Scientists at the European Molecular Biology Laboratory (EMBL) in Heidelberg have developed software that is claimed to bring machine learning to microscopy.
The so-called Micropilot software learns what researchers are looking for and automatically performs complex microscopy experiments.
It analyses low-resolution images taken by a microscope and, once it has identified a cell or structure the scientists are interested in, it automatically instructs the microscope to start the experiment. This can be recording high-resolution time-lapse video or using lasers to interfere with fluorescently tagged proteins and recording the results.
In four nights of unattended microscope operation, Micropilot is said to have detected 232 cells in two particular stages of cell division and performed a complex imaging experiment on them
The same task undertaken by an experienced microscopist would have taken considerably longer.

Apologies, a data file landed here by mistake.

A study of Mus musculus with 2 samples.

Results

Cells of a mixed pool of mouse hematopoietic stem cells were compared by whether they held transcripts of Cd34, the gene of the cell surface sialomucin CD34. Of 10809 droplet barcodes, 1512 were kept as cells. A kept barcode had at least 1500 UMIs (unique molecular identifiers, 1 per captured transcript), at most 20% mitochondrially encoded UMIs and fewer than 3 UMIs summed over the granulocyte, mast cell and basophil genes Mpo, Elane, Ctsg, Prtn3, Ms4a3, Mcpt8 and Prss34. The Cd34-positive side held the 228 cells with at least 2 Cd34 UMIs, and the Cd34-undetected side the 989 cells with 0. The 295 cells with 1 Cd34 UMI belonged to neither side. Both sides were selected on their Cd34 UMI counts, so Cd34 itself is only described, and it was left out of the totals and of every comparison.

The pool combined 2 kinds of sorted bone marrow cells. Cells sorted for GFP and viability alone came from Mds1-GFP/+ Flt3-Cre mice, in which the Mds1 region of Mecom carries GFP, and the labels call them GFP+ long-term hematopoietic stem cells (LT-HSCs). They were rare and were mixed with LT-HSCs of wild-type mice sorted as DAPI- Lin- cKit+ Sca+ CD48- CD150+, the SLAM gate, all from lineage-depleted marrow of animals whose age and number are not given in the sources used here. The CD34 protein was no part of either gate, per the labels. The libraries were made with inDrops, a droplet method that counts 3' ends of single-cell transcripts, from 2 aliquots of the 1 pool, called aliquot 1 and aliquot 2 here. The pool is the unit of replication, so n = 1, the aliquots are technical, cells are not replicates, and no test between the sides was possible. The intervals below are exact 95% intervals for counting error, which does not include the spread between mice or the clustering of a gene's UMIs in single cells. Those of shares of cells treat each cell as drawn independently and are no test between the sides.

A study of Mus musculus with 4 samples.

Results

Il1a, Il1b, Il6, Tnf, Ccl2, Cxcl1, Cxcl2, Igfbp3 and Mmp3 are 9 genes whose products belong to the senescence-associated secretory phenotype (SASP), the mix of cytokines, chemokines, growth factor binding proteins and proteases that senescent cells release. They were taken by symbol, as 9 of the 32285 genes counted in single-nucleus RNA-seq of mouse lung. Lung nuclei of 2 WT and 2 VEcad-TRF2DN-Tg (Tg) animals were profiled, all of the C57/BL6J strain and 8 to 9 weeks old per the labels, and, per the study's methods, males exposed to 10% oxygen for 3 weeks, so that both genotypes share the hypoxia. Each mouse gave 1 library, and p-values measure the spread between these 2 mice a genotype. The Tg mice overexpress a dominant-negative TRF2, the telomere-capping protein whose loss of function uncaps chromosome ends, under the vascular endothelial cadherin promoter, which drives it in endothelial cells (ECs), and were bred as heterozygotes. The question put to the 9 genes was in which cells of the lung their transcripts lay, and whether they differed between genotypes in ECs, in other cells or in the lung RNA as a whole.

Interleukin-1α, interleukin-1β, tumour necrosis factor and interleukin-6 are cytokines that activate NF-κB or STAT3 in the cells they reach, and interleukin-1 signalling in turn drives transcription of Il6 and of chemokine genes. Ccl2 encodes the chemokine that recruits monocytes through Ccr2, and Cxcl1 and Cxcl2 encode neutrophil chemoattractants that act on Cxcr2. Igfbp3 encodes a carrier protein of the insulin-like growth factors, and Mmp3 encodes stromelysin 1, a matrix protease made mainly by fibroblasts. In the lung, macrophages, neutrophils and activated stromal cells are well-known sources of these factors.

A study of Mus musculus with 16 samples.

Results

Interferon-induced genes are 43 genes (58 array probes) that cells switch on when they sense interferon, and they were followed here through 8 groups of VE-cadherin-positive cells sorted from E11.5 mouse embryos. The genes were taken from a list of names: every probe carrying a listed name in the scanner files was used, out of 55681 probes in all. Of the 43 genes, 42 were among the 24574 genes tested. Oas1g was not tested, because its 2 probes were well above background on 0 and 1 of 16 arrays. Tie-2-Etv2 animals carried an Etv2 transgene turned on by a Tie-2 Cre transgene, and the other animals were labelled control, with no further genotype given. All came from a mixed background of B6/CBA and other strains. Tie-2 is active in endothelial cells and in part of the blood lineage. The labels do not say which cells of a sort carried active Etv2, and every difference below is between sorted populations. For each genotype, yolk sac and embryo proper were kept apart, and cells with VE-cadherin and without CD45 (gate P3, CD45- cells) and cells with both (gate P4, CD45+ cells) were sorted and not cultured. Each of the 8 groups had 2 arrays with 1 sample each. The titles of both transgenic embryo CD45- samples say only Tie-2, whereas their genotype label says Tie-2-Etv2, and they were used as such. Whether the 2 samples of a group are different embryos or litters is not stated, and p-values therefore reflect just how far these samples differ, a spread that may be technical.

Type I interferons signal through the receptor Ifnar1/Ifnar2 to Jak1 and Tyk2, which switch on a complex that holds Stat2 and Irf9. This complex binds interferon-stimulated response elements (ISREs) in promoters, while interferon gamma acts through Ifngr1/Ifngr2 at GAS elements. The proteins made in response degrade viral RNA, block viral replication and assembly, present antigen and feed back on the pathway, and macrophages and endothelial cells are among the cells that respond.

Jan Ellenberg and Rainer Pepperkok, whose teams at EMBL designed Micropilot, have used the software to deploy several different microscopy experiments, investigating various aspects of cell division.
They determined when structures known as endoplasmic reticulum exit sites form and uncovered the roles of two proteins, CBX1 and CENP-E, in condensing genetic material into tightly-wound chromosomes and in forming the spindle that helps align those chromosomes.
The Micropilot software, decribed in Nature Methods, is available as open source code at: http://www.embl.de/almf/almf_services/hc_screeing/micropilot/.